Midway through the Santa Monica-set awards show, Cate Blanchett introduced a tribute to James Gandolfini, film critic Roger Ebert and her friend Philip Seymour Hoffman, whom she called “a sublimely talented actor.”
During the emotional tribute, which consisted of rotating images of all three people, 12 Years a Slave producer Brad Pitt seemed to have tears in his eyes.
The crowd gave the trio a standing ovation after the tribute.
Ebert died in April 2013 after a long battle with cancer. He was a longtime advocate of independent cinema, with both the Telluride and Toronto film festivals paying tribute to him this past year. He was a fixture at both festivals as well as Sundance, which premiered Life Itself, the documentary about the late critic, at this year’s edition.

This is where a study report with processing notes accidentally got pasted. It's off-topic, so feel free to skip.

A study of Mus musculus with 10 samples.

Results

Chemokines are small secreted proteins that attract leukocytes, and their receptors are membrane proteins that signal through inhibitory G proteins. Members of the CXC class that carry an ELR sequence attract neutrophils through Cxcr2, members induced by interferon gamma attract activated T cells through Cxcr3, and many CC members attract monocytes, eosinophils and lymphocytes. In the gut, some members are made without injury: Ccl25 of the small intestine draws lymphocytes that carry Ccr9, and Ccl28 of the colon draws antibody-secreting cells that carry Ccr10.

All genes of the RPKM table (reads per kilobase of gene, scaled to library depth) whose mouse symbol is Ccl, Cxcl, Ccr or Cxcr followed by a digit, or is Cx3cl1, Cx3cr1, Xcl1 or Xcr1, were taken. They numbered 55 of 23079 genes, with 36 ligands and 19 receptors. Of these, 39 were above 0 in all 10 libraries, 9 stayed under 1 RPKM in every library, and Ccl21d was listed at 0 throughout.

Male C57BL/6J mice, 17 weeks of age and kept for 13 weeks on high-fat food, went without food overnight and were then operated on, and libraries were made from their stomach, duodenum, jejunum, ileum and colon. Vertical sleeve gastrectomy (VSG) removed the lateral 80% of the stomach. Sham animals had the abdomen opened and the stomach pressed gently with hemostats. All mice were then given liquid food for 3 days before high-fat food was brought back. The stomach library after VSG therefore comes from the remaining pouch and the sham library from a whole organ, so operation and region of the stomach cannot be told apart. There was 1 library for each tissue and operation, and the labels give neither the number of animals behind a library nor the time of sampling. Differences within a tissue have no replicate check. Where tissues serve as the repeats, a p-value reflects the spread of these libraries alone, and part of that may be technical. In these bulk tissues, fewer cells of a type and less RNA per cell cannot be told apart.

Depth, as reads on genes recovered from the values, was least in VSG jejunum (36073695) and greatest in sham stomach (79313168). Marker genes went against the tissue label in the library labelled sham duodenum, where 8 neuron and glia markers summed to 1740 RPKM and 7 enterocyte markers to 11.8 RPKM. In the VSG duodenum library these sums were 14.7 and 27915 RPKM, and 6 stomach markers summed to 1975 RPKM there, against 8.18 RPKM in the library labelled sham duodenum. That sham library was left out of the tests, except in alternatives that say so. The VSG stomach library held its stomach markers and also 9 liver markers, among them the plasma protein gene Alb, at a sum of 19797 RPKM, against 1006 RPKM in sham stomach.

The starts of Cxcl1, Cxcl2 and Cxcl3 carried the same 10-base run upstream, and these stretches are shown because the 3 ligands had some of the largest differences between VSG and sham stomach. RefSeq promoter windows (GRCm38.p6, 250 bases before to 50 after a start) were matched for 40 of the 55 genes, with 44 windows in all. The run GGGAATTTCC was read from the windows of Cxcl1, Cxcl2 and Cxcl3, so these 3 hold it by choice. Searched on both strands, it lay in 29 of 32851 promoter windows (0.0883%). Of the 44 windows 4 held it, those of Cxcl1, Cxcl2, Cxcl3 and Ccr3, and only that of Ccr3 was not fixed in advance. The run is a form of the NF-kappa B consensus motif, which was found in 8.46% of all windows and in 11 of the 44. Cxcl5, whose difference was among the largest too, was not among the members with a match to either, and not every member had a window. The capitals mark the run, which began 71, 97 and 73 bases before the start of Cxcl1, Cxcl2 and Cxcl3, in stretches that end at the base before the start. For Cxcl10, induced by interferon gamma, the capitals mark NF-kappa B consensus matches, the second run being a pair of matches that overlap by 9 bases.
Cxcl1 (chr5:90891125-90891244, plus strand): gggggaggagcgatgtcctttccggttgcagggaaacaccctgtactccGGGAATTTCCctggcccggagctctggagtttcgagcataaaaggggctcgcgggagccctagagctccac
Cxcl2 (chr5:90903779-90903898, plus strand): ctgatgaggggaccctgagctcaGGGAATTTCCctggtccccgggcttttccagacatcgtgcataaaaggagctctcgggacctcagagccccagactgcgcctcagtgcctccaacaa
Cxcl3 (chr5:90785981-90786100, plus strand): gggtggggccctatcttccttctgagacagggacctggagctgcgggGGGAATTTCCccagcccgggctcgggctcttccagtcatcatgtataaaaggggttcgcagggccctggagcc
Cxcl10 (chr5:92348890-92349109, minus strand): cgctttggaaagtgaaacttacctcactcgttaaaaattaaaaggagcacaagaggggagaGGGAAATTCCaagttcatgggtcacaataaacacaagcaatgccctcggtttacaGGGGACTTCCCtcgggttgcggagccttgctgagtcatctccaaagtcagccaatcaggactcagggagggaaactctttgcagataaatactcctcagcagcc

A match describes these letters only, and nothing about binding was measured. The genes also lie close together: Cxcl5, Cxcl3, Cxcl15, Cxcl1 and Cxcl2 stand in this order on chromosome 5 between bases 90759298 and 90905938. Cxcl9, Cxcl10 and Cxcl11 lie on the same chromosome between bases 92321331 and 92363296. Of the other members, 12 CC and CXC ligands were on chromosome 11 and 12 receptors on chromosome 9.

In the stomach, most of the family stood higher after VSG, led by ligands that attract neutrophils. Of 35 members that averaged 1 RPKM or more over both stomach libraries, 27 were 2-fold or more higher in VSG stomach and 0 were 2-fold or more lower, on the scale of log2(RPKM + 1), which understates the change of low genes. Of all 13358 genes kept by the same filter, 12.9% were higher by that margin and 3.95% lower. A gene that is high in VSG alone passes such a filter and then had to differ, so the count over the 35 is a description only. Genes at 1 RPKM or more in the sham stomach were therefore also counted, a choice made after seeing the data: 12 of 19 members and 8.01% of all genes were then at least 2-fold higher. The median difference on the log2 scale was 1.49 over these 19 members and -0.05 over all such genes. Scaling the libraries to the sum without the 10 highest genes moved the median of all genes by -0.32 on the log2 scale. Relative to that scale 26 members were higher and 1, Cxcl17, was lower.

Gandolfini died unexpectedly of a heart attack in June 2013. One of his final films, Fox Searchlight’s Enough Said, hit theaters in September and received great acclaim and a handful of awards nominations, including two Independent Spirits, for Gandolfini and for Nicole Holofcener‘s screenplay.
Hoffman died less than a month ago of a toxic mix of drugs, including heroin and cocaine. He was found with a needle sticking out of his arm in his New York City apartment. Blanchett worked with Hoffman on a number of films, and he starred in multiple indie pictures, including The Master and Capote, for which he won the best actor Oscar. Hoffman won three Independent Spirit Awards, for Capote, The Savages and Synecdoche, New York, which he shared with the film’s cast, director Charlie Kaufman and its casting director.